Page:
A renowned physician, an educationist, a social-reformer and a leading freedom fighter Dr. Bidhan Chandra Roy was one of the makers of modern India. He was an able administrator and an icon of morality and ethics in public life.
B. C. Roy’s Early Life and Career
Bidhan Chandra Roy was born on July 1, 1882, at Bankipore in Patna, Bihar. His father Prakash Chandra was an Excise Inspector. Bidhan was the youngest of five children. Though Bidhan’s mother passed away when he was 14, his father had played the role of both father and mother to his five children. He promised never to compel them to do anything but to just guide them on their path. All five children were required to do the household chores themselves. This was very helpful for Bidhan during his college days. He opted to go to medical school. Bidhan left for Calcutta in June 1901.
Bidhan’s term in medical school was filled with hardships. Since, his father retirement, Bidhan fended for him by getting a scholarship and living frugally, saving on books by borrowing notes and relying on books in the library. Bidhan went to England to enroll himself at St. Bartholomew’s to further his education. The Dean, reluctant to accept a student from Asia, rejected Bidhan’s application. Dr. Roy did not lose heart and after 30 admission requests, the dean accepted Bidhan to the college. Bidhan completed his M.R.C.P and F.R.C.S and returned home from England in 1911.
On his return he taught at the Calcutta Medical College, then the Campbell Medical School and finally at the Carmichael Medical College. After graduation, B.C. Roy joined the Provincial Health Service. He exhibited immense dedication and hard work. He was prepared to even serve as a nurse when necessary. In his private practice he would charge only Rs. 2 to treat the poor.
He made contributions to the organization of medical education. He established institutions like the Jadavpur T.B. Hospital, Chittaranjan Seva Sadan, R.G. Khar Medical College, Kamala Nehru Hospital, Victoria Institution, and Chittaranjan Cancer Hospital. The Chittaranjan Seva Sadan for women and children was opened in 1926. He opened a center for training women in nursing and social work.
In 1942, Yangon fell to Japanese bombing and caused an exodus from Calcutta fearing Japanese insurgency. Dr. Roy acquired air-raid shelters for schools and college students to have their classes in, and provided relief for students, teachers and employees alike to save them from Japanese insurgency.
DR B.C. Roy’s Political Involvement and Other Activities
Dr. Roy entered politics in 1925. He ran for elections from the Barrackpore Constituency as an Independent candidate for the Bengal Legislative Council and defeated the “Grand Old Man of Bengal,” Surendranath Banerjea. In 1925, Dr. Roy tabled a resolution recommending a study of the causes of pollution in Hooghly and suggested measures to prevent pollution in the future.
Dr. Roy was elected to the All India Congress Committee in 1928. He kept himself away from rivalry and conflicts and made a deep impression on the leaders. Dr. Roy efficiently conducted the Civil Disobedience in Bengal in 1929 and prompted Pandit Motilal Nehru to nominate him Member of the Working Committee (CWC) in 1930. The CWC was declared an unlawful assembly and Dr. Roy along with other members of the committee were arrested on August 26, 1930 and detained at Central Alipore Jail.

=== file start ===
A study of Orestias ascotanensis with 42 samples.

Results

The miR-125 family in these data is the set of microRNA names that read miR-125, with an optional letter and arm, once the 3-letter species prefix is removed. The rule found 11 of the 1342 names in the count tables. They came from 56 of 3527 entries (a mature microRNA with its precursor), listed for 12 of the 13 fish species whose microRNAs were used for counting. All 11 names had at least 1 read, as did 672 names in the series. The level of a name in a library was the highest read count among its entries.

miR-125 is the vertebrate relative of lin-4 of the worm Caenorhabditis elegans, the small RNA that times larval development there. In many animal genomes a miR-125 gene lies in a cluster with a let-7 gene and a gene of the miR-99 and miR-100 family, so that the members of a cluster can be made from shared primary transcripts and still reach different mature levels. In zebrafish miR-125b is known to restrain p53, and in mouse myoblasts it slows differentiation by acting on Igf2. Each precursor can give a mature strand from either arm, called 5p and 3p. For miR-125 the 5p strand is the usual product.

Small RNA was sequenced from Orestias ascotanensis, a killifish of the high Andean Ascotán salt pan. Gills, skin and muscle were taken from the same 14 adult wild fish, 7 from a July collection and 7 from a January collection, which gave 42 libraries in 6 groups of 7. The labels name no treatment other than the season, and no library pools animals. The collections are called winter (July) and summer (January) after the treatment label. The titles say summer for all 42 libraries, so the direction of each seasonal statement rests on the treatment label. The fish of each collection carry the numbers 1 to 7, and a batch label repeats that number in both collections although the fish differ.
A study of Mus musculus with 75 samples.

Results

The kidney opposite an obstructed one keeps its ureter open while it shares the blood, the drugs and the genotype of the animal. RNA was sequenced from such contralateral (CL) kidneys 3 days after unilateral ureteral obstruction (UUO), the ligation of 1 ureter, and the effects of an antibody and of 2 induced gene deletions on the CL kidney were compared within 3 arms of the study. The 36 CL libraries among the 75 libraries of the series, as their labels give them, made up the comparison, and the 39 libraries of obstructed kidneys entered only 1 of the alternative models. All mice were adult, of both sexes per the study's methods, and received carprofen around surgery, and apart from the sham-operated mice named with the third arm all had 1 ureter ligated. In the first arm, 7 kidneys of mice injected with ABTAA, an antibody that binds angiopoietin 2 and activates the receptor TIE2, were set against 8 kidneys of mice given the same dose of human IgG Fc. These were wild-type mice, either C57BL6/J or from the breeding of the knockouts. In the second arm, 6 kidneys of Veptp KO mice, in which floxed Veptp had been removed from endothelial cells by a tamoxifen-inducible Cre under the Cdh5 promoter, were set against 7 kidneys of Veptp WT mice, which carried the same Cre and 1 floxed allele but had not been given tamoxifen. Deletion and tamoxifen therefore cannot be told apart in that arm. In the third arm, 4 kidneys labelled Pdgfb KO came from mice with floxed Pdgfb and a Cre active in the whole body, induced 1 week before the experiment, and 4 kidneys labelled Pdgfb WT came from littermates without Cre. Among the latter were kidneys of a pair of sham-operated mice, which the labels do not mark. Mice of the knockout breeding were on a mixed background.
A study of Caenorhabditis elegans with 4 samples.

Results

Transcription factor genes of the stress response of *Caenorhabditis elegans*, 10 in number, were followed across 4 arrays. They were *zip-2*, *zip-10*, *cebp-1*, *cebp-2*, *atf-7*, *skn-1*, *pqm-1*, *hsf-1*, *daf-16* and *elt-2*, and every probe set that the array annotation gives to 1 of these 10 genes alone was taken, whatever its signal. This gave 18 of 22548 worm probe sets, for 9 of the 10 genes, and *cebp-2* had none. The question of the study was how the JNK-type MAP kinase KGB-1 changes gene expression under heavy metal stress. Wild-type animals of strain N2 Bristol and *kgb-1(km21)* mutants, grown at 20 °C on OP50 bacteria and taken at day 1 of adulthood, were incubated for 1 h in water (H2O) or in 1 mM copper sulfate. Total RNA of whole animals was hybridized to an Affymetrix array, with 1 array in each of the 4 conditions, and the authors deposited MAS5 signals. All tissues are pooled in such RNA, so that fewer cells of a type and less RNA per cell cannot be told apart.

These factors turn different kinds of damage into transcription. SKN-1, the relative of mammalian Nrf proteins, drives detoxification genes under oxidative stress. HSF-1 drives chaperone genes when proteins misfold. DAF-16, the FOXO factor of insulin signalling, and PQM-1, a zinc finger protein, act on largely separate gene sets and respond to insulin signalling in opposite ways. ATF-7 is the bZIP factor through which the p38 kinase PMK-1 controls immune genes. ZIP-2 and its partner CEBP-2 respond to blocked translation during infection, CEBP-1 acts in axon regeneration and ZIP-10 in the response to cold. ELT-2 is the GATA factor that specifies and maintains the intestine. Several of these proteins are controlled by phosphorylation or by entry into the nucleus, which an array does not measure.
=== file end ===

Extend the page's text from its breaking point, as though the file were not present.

During the Dandi March in 1931, many members of the Calcutta Corporation were imprisoned. He served as the Alderman of the Corporation during 1930-31 and Mayor in 1933. Under him, the Corporation made leaps in the expansion of free education, free medical aid, better roads, improved lighting, and water supply.
The Congress Party proposed Dr. Roy’s name for Chief Minister of Bengal. Dr. Roy accepted the position and took office on January 23, 1948. Bengal at the time had been torn by communal violence, shortage of food, unemployment and a large flow of refugees in the wake of the creation of East Pakistan. Dr. Roy brought unity and discipline amongst the party ranks. Within three years law and order was returned to Bengal without compromising the dignity and status of his administration. On July 1st of 1962, after treating his patients Dr B.C. Roy passed away. He gifted his house for running a Nursing Home.
- Dr. B. C. Roy was conferred the Doctorate of Science in 1944.
- The nation honored Dr Roy with the Bharat Ratna in 1961.
- The B.C. Roy National Award was instituted in 1976 for the work in the area of medicine, politics, science, philosophy, literature and Arts.
Lessons from the life of Dr. B. C. Roy
Dr. B. C. Roy stood by his principles and lived a life of integrity and showed by his own actions that people in public life should set examples for others. He proved that serving the people truly is possible.
His thirty attempts at entering medical school in England is an example for self belief and not giving up.
His services to the nation are still the source of inspiration for the youth; every Indian may take pride in his great works and love for the nation.
His life shows us how discipline is the first priority in public life by staying away from rivalry and petty politics.